One in three adult Americans are obese, which is equivalent to over 72 Million people. Obesity among children is also very high, as its prevalence is 14% for ages 2-5 years, 19% for ages 6-11 years, and 17% for ages 12-19 years. The Center for Disease Control (CDC) labels this problem as an “obesity epidemic.”

One of the main factors contributing to obesity, especially among children, is the high consumption of soda and sugary drinks. Americans drank twice as much of these beverages in 2002 than they did in 1977, and that trend is only increasing.

Studies show that adults that drink one or more soda per day are 27% more likely to be overweight or obese than those than don’t drink any. Research among school-aged children shows that an average child consumes around 1,000 calories per day just from soda or other sugary drinks. Other research shows strong associations between consumption of soft drinks, obesity and Type 2 Diabetes. The only studies that do not support these findings are those that have been funded by the beverage industry.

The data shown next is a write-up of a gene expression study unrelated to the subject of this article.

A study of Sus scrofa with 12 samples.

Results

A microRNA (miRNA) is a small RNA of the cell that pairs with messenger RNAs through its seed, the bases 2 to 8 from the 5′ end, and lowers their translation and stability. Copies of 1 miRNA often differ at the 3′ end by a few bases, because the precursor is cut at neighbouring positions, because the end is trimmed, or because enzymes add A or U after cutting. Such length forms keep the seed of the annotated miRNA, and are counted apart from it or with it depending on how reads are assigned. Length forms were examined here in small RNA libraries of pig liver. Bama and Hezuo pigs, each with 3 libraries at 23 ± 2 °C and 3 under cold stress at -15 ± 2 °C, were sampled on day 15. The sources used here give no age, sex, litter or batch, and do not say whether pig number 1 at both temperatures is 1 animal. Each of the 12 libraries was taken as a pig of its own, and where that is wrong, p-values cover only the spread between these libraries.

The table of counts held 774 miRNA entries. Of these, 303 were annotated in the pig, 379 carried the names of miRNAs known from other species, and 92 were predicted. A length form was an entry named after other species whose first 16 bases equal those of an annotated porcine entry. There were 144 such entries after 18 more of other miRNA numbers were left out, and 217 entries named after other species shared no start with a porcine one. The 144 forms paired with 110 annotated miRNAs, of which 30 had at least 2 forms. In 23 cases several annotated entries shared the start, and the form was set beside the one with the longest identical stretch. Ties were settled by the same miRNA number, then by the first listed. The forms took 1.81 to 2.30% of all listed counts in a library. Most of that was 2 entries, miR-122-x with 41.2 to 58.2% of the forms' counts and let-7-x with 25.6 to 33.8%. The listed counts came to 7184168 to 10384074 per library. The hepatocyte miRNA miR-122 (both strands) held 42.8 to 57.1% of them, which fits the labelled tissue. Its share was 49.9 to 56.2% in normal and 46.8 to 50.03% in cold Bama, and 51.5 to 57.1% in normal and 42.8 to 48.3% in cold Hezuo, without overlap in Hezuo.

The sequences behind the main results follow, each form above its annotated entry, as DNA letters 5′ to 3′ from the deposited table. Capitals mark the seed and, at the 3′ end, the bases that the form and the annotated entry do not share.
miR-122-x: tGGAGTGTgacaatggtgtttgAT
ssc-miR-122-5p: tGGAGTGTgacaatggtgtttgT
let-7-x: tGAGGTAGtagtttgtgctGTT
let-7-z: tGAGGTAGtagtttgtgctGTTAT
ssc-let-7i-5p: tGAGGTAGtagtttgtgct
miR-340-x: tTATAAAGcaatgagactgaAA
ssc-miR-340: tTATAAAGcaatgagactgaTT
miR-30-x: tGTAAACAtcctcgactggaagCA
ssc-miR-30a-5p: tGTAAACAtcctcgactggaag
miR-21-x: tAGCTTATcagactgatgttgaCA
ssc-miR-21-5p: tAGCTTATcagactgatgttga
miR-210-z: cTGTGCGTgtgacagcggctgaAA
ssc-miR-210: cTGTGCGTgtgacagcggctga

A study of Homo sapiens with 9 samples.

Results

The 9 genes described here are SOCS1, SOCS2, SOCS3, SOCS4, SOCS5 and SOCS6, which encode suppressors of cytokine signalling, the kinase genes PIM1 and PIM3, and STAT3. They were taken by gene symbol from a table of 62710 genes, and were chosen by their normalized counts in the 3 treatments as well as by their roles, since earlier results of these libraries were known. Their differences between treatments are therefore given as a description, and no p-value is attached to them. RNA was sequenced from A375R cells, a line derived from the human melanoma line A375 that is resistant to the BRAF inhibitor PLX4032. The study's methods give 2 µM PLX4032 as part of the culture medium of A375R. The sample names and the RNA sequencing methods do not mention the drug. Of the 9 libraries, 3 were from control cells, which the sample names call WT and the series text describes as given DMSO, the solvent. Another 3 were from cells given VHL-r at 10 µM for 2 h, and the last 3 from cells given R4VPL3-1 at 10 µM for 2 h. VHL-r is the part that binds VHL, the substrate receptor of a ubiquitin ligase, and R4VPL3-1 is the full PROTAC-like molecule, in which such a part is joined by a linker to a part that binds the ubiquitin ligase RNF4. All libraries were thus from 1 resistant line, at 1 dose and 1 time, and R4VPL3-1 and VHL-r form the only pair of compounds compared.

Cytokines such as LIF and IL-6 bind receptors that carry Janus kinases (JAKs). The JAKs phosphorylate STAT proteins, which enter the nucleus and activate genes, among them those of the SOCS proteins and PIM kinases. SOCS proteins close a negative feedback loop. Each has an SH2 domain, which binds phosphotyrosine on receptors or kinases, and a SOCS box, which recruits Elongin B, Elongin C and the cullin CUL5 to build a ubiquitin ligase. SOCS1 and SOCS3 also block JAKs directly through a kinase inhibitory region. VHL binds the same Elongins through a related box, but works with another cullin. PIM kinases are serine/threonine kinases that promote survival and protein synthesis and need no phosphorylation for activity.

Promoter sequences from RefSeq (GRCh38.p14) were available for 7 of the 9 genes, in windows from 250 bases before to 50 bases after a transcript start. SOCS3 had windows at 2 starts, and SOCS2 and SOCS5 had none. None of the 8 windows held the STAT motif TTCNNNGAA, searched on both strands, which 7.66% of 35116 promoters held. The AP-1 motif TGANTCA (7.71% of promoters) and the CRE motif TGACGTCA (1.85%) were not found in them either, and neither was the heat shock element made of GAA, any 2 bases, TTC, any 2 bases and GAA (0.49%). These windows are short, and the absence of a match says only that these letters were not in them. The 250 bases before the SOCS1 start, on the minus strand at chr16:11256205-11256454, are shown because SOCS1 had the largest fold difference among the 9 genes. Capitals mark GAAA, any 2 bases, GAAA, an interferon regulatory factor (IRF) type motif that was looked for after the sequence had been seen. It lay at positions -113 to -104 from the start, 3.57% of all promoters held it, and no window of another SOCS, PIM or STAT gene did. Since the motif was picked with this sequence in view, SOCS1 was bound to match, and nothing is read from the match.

A new article published this month in the New England Journal of Medicine calls for a tax on sugar-sweetened beverages in order to reduce consumption and provide a new source of revenue to be used for public-health programs to reduce obesity. While 33 states currently have sales taxes on soft drinks, the taxes are too small to affect consumption. The authors argue that a national tax of 1 cent per ounce on sugar-sweetened beverages would raise $14.9 billion in the first year alone, in additional to substantial revenue at the states’ level.

Given that such a tax might reduce sales, the beverage industry is fiercely combating it. Their argument is that imposing a tax on soft drinks would mean that we are treating soda drinking like cigarette smoking. And while there is strong evidence that cigarette smoking is addictive, the science is still inconclusive as to whether soft drinks are. The beverage industry also argues that a tax on soft drinks would not reduce obesity, and that people should take better control of their health instead.

Debate over the soda tax is expected to become more heated over the next few months. And as government officials struggle to find new sources of revenues to finance programs and support the healthcare overhaul, don’t be surprised if they push for the soda tax under the pretext of reducing obesity.